Geoffrey Riley

News Director | Jefferson Exchange Host

Geoffrey Riley began practicing journalism in the State of Jefferson nearly three decades ago, as a reporter and anchor for a Medford TV station. It was about the same time that he began listening to Jefferson Public Radio, and thought he might one day work there. He was right.

Geoff came to JPR as a backup host on The Jefferson Exchange in late 2000, and he assumed the full-time host job at the beginning of 2010. The two hours of the Exchange allow him to join our listeners in exploring issues both large and small, local and global. In addition to hosting The Exchange, Geoff oversees JPR’s news department as its News Director.

Geoff is a New York native, with stints in broadcast news in Missouri, Alabama, and Wisconsin before his arrival in Oregon. He is a graduate of the University of Missouri School of Journalism.

10:10 am
Thu May 15, 2014

Living Large In "The Big Tiny"

A mobile tiny house in Portland.
Credit Wikimedia

Dee Williams tells us about living in a tiny house.

Maybe it was predictable that there would be a backlash against the so-called "McMansions" of several years ago. 

But WHAT a backlash! 

Instead of 2,000-plus square foot houses for small families, there's a trend very much in the other direction. 

Call it the Tiny House Movement. 

10:10 am
Wed May 14, 2014

Nixing Road Work Along The Sensitive Smith

River and road are constant companions along U.S. 199.
Credit Graham Hughes/Wild California

Jeff Miller explains the opposition to the road widening in the Smith River canyon.

The Redwood Highway through California's Smith River canyon provides jaw-dropping scenic views.

And it's a bit of a bear to drive. 

So the state of California made plans to widen some of the tightest sections of the highway. 

Cue the controversy: those sections are tight because of the steepness of the canyon walls. 

10:10 am
Wed May 14, 2014

VENTSday: U of O Rape Allegations + WiFi In Parks

Credit guernicamag.org

Listeners vent on this week's VENTSday topics.

The University of Oregon dismisses three men from its basketball team, though the DA does not file sexual assault charges against them.

And state and national parks consider offering more WiFi service.  These are the topics of this week's VENTSday segment.

We do not schedule guests for Wednesday at 8:30, because that's the time for VENTSday, your chance to vent (politely, please) on a pair of topics in the news.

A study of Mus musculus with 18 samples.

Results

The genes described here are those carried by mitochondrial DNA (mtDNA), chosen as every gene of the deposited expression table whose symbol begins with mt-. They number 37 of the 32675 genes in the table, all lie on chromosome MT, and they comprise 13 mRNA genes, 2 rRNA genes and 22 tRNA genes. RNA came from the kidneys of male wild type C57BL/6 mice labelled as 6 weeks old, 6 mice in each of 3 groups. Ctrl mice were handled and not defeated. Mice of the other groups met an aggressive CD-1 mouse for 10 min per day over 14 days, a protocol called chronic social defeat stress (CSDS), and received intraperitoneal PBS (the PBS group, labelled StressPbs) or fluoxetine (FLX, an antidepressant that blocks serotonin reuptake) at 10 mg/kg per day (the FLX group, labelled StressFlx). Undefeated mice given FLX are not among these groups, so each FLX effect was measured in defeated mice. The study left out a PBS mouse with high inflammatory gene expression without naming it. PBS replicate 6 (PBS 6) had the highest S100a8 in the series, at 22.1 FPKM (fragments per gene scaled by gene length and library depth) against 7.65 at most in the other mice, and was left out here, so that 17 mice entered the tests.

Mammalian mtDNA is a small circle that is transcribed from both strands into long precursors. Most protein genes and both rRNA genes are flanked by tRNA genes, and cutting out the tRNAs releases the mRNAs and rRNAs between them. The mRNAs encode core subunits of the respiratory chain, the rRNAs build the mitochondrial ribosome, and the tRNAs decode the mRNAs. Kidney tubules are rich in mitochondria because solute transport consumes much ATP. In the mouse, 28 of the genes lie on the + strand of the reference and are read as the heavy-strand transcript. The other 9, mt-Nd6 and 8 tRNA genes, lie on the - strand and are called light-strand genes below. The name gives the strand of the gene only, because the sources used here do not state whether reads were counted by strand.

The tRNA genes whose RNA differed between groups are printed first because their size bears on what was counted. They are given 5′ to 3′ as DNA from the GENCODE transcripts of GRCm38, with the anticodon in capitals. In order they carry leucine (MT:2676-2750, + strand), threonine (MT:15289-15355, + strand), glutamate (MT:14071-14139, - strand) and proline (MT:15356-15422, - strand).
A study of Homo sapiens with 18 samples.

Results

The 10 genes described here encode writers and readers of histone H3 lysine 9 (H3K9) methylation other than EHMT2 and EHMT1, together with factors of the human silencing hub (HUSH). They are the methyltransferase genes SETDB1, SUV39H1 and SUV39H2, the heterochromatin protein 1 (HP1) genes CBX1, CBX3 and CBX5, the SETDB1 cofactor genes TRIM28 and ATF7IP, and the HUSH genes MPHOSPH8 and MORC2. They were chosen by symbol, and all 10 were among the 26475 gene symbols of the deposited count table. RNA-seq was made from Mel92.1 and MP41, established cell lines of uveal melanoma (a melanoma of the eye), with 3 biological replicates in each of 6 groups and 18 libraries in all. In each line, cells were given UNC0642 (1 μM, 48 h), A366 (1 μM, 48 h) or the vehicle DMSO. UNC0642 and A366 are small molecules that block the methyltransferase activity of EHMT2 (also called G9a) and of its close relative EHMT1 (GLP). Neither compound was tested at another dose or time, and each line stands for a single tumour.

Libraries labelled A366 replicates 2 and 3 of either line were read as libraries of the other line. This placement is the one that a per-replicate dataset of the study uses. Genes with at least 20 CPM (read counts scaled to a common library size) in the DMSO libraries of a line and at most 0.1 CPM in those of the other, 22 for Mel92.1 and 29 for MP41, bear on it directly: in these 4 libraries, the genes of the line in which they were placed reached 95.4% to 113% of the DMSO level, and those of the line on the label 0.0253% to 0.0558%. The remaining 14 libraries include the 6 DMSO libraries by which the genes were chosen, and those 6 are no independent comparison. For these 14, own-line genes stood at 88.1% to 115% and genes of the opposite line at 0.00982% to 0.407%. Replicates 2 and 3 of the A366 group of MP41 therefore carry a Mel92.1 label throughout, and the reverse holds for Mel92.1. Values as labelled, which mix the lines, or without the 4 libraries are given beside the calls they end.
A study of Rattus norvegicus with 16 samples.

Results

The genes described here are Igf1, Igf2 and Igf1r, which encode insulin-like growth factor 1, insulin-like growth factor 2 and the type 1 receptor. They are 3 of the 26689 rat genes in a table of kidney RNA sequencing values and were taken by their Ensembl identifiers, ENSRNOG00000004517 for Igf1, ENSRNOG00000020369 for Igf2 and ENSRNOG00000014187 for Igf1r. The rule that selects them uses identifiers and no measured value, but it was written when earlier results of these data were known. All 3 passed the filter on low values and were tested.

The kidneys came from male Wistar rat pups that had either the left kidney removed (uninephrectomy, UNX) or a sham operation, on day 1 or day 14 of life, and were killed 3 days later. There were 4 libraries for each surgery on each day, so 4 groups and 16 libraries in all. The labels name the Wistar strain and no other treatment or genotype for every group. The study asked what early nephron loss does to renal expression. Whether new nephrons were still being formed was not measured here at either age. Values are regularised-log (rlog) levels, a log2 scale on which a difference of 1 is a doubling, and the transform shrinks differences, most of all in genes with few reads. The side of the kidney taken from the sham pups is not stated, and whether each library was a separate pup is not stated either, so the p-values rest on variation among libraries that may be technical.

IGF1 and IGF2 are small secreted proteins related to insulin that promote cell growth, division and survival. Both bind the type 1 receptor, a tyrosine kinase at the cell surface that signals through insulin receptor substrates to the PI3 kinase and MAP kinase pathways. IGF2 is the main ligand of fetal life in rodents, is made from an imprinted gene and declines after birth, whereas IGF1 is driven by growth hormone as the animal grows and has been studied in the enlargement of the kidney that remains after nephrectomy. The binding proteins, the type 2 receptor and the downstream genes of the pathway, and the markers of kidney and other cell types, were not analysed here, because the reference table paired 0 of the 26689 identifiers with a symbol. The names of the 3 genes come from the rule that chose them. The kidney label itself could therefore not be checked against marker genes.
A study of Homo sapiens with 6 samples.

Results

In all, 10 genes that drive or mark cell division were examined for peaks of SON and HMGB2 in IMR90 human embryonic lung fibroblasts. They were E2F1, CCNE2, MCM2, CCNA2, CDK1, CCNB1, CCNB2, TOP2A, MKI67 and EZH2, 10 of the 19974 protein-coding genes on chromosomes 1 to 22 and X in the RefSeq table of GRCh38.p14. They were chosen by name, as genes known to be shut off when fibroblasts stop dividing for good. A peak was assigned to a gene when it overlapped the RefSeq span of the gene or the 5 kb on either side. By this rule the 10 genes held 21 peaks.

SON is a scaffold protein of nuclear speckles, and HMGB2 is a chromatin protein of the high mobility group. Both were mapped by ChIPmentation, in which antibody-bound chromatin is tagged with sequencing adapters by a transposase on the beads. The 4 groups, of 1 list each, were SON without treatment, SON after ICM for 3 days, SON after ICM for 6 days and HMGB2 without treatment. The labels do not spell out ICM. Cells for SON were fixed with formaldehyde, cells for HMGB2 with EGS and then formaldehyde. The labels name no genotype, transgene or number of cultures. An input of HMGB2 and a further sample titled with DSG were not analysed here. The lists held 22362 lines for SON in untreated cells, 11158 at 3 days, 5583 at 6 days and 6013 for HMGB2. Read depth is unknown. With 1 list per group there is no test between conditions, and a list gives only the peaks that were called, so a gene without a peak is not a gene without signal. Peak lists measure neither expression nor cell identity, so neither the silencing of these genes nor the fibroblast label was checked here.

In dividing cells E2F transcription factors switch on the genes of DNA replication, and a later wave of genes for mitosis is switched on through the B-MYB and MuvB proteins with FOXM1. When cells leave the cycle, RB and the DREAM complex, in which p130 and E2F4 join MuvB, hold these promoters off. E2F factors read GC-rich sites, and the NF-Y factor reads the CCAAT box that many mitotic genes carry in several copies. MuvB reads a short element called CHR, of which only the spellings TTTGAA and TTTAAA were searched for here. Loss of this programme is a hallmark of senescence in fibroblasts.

10:10 am
Wed May 14, 2014

Recruiting and Retaining High-Tech Business

Credit Mr. Beaver/Flickr

Heather Stafford and Mark Von Holle explain the high-tech recruit/retain process.

The region has its share of industrial parks, but the "technology park" envisioned for White City is out of the ordinary. 

The idea is to draw businesses dealing in advanced technology to the park, either retaining existing tech businesses, or drawing new ones. 

The emphasis on business retention and recruitment is very much on the tech field of late. 

10:10 am
Tue May 13, 2014

Flying To (okay, Near) The Stars With SOFIA

SOFIA in flight.
Credit NASA/Public Domain

Robert Black and Dave Bloomsness rave about their trip aboard SOFIA.

Ever take a red-eye flight? 

It's just no fun flying for hours in the darkness, sitting in an airline seat not designed for restful sleep. 

Now try to imagine flying all night and staying awake ON PURPOSE. 

That's what happens aboard SOFIA, the Stratospheric Observatory for Infrared Astronomy.   Think of it as the INFRA red-eye.

10:10 am
Tue May 13, 2014

Changing The Anti-Mosquito Formula

Credit Centers for Disease Control

Scott Hoffman Black of Xerces Society describes the mosquito approach at Bandon Marsh.

A problem spot for mosquitoes on the Oregon coast will get limited spraying this year, AND some re-engineering to remove places where stagnant water can collect.

The mosquito issue on the Oregon coast flared again recently, even before the mosquitoes are out in force. 

Last summer's mosquitoes at the Bandon Marsh National Wildlife Refuge harassed residents and tourists alike. 

10:10 am
Tue May 13, 2014

The Savvy Insomniac

Credit Fine Fettle Books

Lois Maharg describes her own experience with insomnia... and what she's learned.

Some nights the sleep just won't come, and nothing from warm milk to counting sheep will help. 

Health journalist Lois Maharg can relate. 

Maharg struggled with sleep--and therefore struggled to cope in the daytime--for years. 

10:10 am
Mon May 12, 2014

Drug Abuse Deaths Stable In Oregon

Credit Public Domain

Oregon Medical Examiner Dr. Karen Gunson walks us through the illegal drug death report.

If deaths caused by drug abuse are dropping in Oregon, it's a very slow drop. 

The State Medical Examiner's office recently released its annual report on drug-related deaths, covering the year 2013. 

There was exactly one fewer death caused by drugs than the year before, but there are some bright spots within the numbers. 

10:10 am
Mon May 12, 2014

Beating Cancer With Gene Sequencing

Credit Wellcome Images

Jeff Tyner and Elie Traer talk about the complexity of beating AML, a kind of leukemia.

Beating some types of cancer involves thinking small… VERY small. 

Down to the gene level and below, in the case of acute myeloid leukemia, or AML. 

The "Beat AML" team at Oregon Health Sciences University researches how gene sequencing could help interrupt or even stop the growth of AML. 

10:10 am
Mon May 12, 2014

Creative Writing On A Grim Time: "Redeployment"

Credit Penguin Books

Phil Klay describes his Iraq experience and the making of "Redeployment."

Just including the word "soldier" in the same sentence as "Iraq" conjures up many images for most of us. 

For Marine Corps veterans, the images are first-person.  Phil Klay served in Iraq during the surge, and came home to finish his Master of Fine Arts degree. 

Klay puts it to good use in a collection of short stories called Redeployment.